Florida Reckless Driving Laws


Defining Reckless Driving in Florida

The state of Florida defines reckless driving as any operation of a vehicle that exhibits willing or wanton disregard for the safety of others or their property, with the specific offense of eluding a law enforcement officer as reckless driving in any case. However, reckless driving penalties are enhanced per statutory language, if the reckless driving causes injury or property damage.

Reckless Driving Penalties in Florida

Offense/Violation

Classification

Criminal Penalties

Points Applied to License

Other Administrative Penalties

Reckless Driving

Misdemeanor

Incarceration up to 90 days, with fines of at least $25 but not more than $500

4

License suspension, if court ordered or based on points

Reckless Driving, subsequent offense

Misdemeanor

Incarceration up to 6 months, with fines of at least $50, but not more than $1,000

4

License suspension, if court ordered or based on points

Reckless Driving, causing damage to property or person

Misdemeanor, first degree

Incarceration not to exceed one year, with fines not to exceed $1,000

4, or 6 if unlawful speed caused accident

License suspension, if court ordered or based on points

Reckless Driving, causing serious bodily injury

Felony, third degree

Incarceration up to five years, with fines up to $5,000

4, or 6 if unlawful speed caused accident

License suspension or revocation, if court ordered or based on points

Impact on Your Driver's License

License suspensions for reckless driving in Florida are made at the discretion of the criminal courts. However, if a driver accumulates too many points as the result of the reckless driving conviction, administrative suspensions may occur. Florida implements a mandatory suspension hearing for drivers accumulating 12 or more points within a one-year period. Drivers face a suspension of not more than 30 days at this hearing, but they can attend the Basic Driver Improvement course to prevent both accumulation of points and point-based suspensions at this time. Florida allows drivers to utilize a restricted license during suspension under certain circumstances.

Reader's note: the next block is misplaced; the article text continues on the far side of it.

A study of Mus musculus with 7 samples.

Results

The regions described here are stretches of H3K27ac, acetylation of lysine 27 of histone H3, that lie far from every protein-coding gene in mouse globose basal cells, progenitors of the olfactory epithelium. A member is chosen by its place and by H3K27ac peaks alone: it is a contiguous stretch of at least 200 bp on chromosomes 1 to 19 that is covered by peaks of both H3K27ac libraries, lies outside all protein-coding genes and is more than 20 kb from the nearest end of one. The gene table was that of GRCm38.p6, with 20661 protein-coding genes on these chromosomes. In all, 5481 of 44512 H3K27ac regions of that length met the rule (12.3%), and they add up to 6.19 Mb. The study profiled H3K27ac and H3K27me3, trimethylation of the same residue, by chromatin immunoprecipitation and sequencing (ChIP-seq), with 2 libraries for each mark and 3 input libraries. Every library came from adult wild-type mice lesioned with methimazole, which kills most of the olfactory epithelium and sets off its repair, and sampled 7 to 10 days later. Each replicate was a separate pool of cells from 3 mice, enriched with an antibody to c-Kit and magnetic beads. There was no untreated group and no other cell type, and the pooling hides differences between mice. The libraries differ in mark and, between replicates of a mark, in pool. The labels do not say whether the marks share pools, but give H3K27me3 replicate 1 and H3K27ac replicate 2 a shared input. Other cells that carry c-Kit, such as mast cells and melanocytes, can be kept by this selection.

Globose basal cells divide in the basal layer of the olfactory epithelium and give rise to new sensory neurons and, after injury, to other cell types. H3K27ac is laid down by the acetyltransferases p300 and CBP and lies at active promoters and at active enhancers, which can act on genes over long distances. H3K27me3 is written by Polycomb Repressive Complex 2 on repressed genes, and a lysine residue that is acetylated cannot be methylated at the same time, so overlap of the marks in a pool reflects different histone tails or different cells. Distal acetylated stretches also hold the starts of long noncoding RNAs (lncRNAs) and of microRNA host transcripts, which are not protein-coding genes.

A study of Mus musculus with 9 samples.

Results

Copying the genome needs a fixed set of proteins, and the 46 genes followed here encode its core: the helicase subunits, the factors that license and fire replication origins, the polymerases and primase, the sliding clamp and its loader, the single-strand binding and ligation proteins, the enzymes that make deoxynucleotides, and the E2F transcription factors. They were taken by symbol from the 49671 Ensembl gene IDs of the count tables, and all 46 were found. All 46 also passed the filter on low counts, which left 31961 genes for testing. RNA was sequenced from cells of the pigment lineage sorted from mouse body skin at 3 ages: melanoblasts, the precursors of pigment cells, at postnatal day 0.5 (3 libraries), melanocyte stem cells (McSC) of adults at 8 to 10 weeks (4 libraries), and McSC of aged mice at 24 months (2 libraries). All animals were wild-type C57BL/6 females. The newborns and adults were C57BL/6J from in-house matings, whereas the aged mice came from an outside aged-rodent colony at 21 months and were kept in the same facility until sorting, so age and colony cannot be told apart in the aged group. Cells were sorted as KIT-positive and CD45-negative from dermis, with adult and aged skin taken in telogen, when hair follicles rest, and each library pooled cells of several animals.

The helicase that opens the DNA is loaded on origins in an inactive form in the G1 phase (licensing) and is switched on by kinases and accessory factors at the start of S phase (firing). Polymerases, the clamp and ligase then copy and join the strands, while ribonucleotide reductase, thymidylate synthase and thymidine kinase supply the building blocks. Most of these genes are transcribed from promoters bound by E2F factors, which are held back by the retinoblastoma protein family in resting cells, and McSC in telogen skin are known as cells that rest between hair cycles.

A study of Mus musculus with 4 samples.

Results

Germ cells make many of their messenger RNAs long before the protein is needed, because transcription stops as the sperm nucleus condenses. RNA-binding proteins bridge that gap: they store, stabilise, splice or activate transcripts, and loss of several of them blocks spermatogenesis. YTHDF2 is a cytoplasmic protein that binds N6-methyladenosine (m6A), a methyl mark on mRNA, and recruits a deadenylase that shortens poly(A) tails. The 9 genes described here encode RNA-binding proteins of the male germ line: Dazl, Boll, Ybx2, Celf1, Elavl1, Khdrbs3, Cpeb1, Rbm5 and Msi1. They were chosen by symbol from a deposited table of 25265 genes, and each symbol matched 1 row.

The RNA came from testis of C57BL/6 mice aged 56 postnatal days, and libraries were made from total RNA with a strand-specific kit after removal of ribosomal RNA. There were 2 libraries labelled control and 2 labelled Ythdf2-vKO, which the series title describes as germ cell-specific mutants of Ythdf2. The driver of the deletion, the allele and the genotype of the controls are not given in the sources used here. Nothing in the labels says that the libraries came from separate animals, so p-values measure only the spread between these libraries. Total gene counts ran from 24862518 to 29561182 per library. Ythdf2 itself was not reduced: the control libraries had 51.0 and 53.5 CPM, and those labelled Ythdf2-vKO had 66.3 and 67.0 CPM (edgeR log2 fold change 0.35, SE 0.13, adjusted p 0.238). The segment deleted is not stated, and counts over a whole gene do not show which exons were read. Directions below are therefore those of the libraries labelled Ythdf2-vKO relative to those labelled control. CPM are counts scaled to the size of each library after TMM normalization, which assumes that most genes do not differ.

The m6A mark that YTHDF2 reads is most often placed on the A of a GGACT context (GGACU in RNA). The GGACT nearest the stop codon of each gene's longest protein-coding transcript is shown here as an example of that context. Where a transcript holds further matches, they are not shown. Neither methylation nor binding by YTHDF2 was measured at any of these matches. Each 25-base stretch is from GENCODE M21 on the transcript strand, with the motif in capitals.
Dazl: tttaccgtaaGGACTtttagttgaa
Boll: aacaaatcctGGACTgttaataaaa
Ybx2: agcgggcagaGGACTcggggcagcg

Dealing with a Reckless Driving Charge in Florida

Addressing the fallout from a reckless driving charge should initially focus on the pending criminal charges. Given the vague nature of the reckless driving laws in Florida, save for eluding law enforcement cases, drivers may best be served by non-criminal traffic violations, rather than criminal charges. Any defense will focus on undermining the assertion that criminal reckless driving charges are applicable in light of lesser non-criminal traffic violations. Pending the case-specific elements and whether legal counsel is used, a driver will likely either obtain a dismissal or enter into some form of plea agreement to prevent incarceration, or reducing the charge into a traffic citation. License suspension, however, requires legal intervention during an administrative hearing, if points-based or court ordered, during the criminal proceedings. Options are available to prevent or mitigate the impact of suspension via restricted licenses.

When to Get a Lawyer

In any reckless driving case, a Florida reckless driving attorney should be involved upon arrest or citation. Drivers not only face the criminal and administrative penalties, but also a criminal record which is likely to affect employment. Given the high propensity of prosecutors to offer favorable plea agreements in light of case-specific evidence and considerations, having legal counsel involved is advisable. For more information on Florida reckless driving laws, consult with a Florida reckless driving attorney.